Ian Telfer: Fed signals inflation ahead so what’s ahead with Gold
To no one’s surprise, the U.S. Federal Reserve raised interest rates by a quarter point December 14th, the first increase this year. Gold prices have been drifting lower in anticipation of a hike, while the U.S. dollar remains strong. While the market had largely factored in a .25 point increase, the one thing that did raise eyebrows and boost treasury yields was the forecast for three increases next year.
It had been thought that a realistic number would be closer to two for 2017, but Federal Reserve Chair Janet Yellen signaled a faster pace of increases in 2017 given some generally positive economic data. Interest rates are the tool normally used by the Fed to control inflation, which tends to rise when economies heat up.
"In view of realized and expected labor market conditions and inflation, the committee decided to raise the target range," she said after a two-day meeting.
The main takeaway for those who invest in Gold is that if the Fed thinks inflation will prove to be a bigger factor as the economy heats up in 2017, it points to higher precious metals prices.
Gold is seen as a hedge during times when inflation rises. The conventional wisdom is, and history has borne this out, that when consumer prices rise, it is because the buying power of our currency is less than what it was. Gold is seen as a store of value and therefore viewed as a safe haven when paper currencies are under pressure.
Casey Research illustrates the correlation between Gold prices and interest rates in a chart showing the metal going up after the Fed started raising rates in 2004. It’s understandable that the public would be somewhat confused by this because Gold prices tend to dip when rumours of an impending interest rate hike begin to circulate. That’s because rate hikes have the effect of strengthening the value of the currency, in this case the U.S. dollar in which gold is priced.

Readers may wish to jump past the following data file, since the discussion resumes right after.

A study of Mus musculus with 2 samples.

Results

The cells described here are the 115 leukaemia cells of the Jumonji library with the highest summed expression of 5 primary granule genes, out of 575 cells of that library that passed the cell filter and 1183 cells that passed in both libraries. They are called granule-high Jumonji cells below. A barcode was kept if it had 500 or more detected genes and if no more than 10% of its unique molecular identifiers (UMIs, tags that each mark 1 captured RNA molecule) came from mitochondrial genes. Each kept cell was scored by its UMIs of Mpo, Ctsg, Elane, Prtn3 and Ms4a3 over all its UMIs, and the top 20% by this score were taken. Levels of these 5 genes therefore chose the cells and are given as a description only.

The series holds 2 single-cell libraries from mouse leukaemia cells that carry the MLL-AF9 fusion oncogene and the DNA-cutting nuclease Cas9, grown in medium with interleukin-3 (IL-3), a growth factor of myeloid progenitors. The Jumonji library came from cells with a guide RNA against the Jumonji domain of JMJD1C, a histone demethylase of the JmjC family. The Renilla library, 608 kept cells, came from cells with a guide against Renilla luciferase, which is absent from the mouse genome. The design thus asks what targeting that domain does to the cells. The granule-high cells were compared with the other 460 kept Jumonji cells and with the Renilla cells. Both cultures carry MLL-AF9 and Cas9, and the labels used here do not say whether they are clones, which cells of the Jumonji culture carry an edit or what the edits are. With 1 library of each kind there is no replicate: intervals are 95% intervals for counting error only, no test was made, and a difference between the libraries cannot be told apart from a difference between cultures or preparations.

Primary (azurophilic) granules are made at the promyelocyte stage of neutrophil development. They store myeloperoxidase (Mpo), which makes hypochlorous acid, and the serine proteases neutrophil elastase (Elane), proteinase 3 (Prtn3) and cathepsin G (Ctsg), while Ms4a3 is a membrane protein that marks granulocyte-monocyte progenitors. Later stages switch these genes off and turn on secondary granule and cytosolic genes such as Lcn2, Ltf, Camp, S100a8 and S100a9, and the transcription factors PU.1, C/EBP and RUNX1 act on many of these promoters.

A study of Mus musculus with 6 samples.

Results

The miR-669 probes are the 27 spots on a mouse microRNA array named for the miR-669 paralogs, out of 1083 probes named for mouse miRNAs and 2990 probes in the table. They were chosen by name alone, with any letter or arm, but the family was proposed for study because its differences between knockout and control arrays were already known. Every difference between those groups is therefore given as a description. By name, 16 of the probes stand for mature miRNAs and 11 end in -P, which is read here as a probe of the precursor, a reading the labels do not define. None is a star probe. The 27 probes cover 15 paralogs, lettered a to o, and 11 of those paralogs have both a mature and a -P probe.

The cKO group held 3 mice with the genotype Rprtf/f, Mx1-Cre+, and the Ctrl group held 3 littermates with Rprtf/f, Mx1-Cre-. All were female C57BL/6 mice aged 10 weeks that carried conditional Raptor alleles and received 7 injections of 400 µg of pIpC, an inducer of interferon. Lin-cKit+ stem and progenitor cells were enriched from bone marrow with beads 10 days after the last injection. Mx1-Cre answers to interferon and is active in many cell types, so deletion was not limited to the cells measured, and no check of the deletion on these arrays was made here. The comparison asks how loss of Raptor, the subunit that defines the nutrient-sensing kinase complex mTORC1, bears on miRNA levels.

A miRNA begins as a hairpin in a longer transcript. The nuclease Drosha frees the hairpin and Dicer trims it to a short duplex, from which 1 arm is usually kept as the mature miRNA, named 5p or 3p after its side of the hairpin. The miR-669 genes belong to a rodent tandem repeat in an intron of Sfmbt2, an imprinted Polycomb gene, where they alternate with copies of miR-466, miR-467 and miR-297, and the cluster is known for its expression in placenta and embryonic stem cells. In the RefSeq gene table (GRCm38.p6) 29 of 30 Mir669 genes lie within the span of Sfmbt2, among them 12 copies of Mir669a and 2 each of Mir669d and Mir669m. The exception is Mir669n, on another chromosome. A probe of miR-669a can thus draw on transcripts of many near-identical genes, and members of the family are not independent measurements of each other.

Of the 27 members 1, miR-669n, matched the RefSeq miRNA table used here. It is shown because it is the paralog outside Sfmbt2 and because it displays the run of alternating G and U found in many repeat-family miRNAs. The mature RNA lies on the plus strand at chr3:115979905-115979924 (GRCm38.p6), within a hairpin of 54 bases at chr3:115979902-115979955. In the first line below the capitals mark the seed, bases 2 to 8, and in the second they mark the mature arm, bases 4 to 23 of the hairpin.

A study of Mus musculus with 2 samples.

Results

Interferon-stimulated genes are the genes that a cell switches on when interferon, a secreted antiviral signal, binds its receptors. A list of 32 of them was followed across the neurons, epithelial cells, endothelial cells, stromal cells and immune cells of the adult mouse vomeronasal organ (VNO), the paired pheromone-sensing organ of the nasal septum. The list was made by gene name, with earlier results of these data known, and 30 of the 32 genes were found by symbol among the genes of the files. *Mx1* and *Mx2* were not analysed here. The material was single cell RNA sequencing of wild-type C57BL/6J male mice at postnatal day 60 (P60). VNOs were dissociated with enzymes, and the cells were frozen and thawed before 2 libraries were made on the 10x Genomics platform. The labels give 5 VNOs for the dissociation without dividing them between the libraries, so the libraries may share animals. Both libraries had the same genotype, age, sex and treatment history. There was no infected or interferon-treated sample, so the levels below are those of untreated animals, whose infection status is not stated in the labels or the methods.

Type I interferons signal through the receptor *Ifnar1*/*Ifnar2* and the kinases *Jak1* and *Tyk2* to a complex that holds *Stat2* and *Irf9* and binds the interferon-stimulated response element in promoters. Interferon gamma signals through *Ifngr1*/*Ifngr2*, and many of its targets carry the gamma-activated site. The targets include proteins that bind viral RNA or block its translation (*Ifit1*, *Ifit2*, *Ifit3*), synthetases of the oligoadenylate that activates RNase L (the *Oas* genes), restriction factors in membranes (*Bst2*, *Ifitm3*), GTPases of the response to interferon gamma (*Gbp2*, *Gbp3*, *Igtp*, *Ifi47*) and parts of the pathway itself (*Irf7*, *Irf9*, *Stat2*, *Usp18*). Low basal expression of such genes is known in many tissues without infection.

Yet, as we see in that chart, rate hikes that are the product of inflation resulting from an overheating economy can also track gold prices higher.
What I’m suggesting is that while Gold prices have fallen since the November 8th U.S. election, that trend may reverse itself in the year ahead given a number of factors, including an increased demand for physical gold. Interest rate hikes are just one factor. Let’s not forget also that with Italian banks on shaky ground and a possible ‘brexit’ style referendum coming in that country, the Euro may come under pressure in 2017 during which investors may want to dump the currency in favour of Gold, U.S dollars or Swiss Francs.